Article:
It appears that some of the most powerful phenomena in the cosmos arise from its youngest inhabitants.
The latest cosmic eye candy, delivered by NASA's mighty James Webb Space Telescope (JWST) features jets of star matter blasting from the poles of a very young star and zipping through space at supersonic speeds.
The jets, which are together called Herbig-Haro 211 (HH 211), live in an energetic pocket of space located about 1,000 light-years away from Earth in the constellation Perseus. In this region, a protostar is actively sucking in surrounding gas and dust to grow larger, but is meanwhile shedding material into space in what astronomers call a bipolar outflow. And as those jets of material zoom through space, the JWST's sharp infrared eye managed to capture their interactions with interstellar matter as bright, colorful swirls.
The protostar (which is not seen in Webb's image) is suspected to be a binary star and likely represents what our sun used to be like when it was just a few tens of thousands years old with just 8% of its current mass. "It will eventually grow into a star like the sun," JWST representatives wrote in a statement published Thursday (Sept. 14).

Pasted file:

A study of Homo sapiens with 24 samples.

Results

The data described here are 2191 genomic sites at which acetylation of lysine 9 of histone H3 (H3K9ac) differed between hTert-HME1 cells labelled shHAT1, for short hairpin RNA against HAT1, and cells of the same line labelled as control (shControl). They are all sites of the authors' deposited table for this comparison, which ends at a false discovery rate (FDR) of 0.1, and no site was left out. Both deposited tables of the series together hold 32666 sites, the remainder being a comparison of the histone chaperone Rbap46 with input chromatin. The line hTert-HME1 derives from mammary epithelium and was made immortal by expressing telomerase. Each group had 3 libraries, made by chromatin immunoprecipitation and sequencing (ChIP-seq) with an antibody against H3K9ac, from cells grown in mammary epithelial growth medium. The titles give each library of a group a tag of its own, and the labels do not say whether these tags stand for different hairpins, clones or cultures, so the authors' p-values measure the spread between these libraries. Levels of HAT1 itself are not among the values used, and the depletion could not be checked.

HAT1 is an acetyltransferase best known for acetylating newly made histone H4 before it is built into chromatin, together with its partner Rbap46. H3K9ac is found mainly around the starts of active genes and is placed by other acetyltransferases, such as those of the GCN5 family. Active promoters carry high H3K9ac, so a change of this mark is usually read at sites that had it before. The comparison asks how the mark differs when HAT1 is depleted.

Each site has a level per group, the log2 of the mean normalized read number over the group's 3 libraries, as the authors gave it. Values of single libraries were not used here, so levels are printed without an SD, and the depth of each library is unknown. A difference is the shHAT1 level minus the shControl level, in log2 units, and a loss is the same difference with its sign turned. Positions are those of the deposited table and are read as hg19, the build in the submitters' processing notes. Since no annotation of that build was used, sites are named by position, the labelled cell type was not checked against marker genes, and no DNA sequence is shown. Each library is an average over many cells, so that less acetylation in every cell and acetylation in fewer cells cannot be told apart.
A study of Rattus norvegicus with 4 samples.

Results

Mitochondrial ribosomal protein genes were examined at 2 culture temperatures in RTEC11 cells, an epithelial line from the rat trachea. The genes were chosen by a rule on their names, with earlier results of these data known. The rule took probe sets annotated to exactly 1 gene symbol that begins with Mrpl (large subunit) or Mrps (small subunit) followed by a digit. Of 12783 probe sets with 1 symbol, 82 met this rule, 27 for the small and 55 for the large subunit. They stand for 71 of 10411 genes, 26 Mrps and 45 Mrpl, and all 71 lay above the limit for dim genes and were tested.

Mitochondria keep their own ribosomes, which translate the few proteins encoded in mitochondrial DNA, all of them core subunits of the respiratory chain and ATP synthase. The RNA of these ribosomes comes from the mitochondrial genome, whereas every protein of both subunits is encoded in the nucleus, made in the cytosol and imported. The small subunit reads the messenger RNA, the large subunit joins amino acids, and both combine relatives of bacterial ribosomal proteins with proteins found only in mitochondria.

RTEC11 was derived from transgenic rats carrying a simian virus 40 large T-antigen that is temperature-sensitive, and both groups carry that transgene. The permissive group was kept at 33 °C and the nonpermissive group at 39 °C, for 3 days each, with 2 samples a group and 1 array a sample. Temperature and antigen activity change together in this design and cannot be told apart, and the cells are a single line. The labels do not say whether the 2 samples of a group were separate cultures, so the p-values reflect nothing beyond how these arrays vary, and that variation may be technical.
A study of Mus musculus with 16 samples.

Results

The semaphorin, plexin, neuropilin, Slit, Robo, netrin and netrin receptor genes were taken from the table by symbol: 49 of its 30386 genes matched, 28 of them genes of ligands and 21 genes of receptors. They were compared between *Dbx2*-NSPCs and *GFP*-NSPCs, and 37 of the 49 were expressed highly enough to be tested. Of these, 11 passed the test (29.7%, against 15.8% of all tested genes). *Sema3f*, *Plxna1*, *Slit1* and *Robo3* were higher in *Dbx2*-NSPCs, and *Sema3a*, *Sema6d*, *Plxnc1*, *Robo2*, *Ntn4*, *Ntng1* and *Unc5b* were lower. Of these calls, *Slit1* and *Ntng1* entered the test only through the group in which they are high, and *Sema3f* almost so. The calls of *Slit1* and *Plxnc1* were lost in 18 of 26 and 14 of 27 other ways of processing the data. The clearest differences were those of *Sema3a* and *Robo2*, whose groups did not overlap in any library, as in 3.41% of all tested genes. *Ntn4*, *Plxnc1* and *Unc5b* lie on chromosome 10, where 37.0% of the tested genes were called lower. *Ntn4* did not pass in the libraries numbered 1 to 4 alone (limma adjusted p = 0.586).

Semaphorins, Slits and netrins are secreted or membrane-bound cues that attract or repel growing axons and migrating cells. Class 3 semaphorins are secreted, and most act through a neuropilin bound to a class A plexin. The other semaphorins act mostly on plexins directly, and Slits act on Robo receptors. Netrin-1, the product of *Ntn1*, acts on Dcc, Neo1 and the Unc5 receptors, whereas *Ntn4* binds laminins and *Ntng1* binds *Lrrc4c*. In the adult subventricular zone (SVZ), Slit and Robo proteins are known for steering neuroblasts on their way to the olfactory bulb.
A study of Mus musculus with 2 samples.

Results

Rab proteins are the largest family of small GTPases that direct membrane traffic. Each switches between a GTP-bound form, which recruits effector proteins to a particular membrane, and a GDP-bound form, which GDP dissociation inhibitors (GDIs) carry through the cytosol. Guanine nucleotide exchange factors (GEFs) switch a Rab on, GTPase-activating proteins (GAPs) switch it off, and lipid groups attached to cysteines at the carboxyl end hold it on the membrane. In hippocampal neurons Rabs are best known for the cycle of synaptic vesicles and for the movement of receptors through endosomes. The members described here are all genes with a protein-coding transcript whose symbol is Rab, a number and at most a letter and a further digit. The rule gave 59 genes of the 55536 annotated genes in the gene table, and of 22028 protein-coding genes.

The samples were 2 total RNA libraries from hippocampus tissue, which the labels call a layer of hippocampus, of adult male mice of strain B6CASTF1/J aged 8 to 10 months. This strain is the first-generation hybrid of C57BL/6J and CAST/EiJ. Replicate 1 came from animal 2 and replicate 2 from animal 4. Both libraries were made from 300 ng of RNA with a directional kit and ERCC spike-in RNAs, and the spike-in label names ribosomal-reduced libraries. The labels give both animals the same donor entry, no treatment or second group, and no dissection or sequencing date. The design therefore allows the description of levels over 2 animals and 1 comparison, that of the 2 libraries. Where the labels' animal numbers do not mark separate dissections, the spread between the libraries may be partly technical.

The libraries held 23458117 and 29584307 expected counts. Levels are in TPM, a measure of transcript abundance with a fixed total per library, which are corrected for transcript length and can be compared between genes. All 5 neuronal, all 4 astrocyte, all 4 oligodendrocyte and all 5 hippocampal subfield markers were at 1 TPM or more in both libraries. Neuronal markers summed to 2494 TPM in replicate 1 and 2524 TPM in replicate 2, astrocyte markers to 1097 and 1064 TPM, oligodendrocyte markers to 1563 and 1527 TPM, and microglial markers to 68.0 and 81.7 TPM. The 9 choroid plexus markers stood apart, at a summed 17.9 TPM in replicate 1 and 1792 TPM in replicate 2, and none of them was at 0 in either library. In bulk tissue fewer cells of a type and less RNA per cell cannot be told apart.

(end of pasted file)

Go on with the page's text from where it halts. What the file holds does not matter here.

HH 211 is one of the youngest and nearest examples of a newer star spewing out matter, so it is an ideal object for the JWST to observe, researchers say. This telescope is unprecedented in its infrared capabilities, which is a game changer for stellar astronomers as it allows them to peer past thick blankets of gas and dust that envelope very young stars. Gaining such access to shrouded stellar bodies ultimately helps scientists decode the objects' chemical makeup and behavior.
By studying data about HH 211, collected by the Near Infrared Spectrograph (NIRSpec) instrument onboard the JWST, researchers realized the jets from young stars are much slower and richer in molecules such as carbon monoxide, silicon monoxide and molecular hydrogen. This is in comparison to the faster jets that blast out of older stars. According to a recent study outlining the JWST's observations of HH 211, that's primarily because the shock waves surrounding the young star are not yet strong enough to shred the jets' molecules into individual atoms.
HH 211 belongs to a group of objects that have been known to evolve rapidly, with gas swirls vanishing only a few years after detection and new ones springing up in seemingly empty regions of space.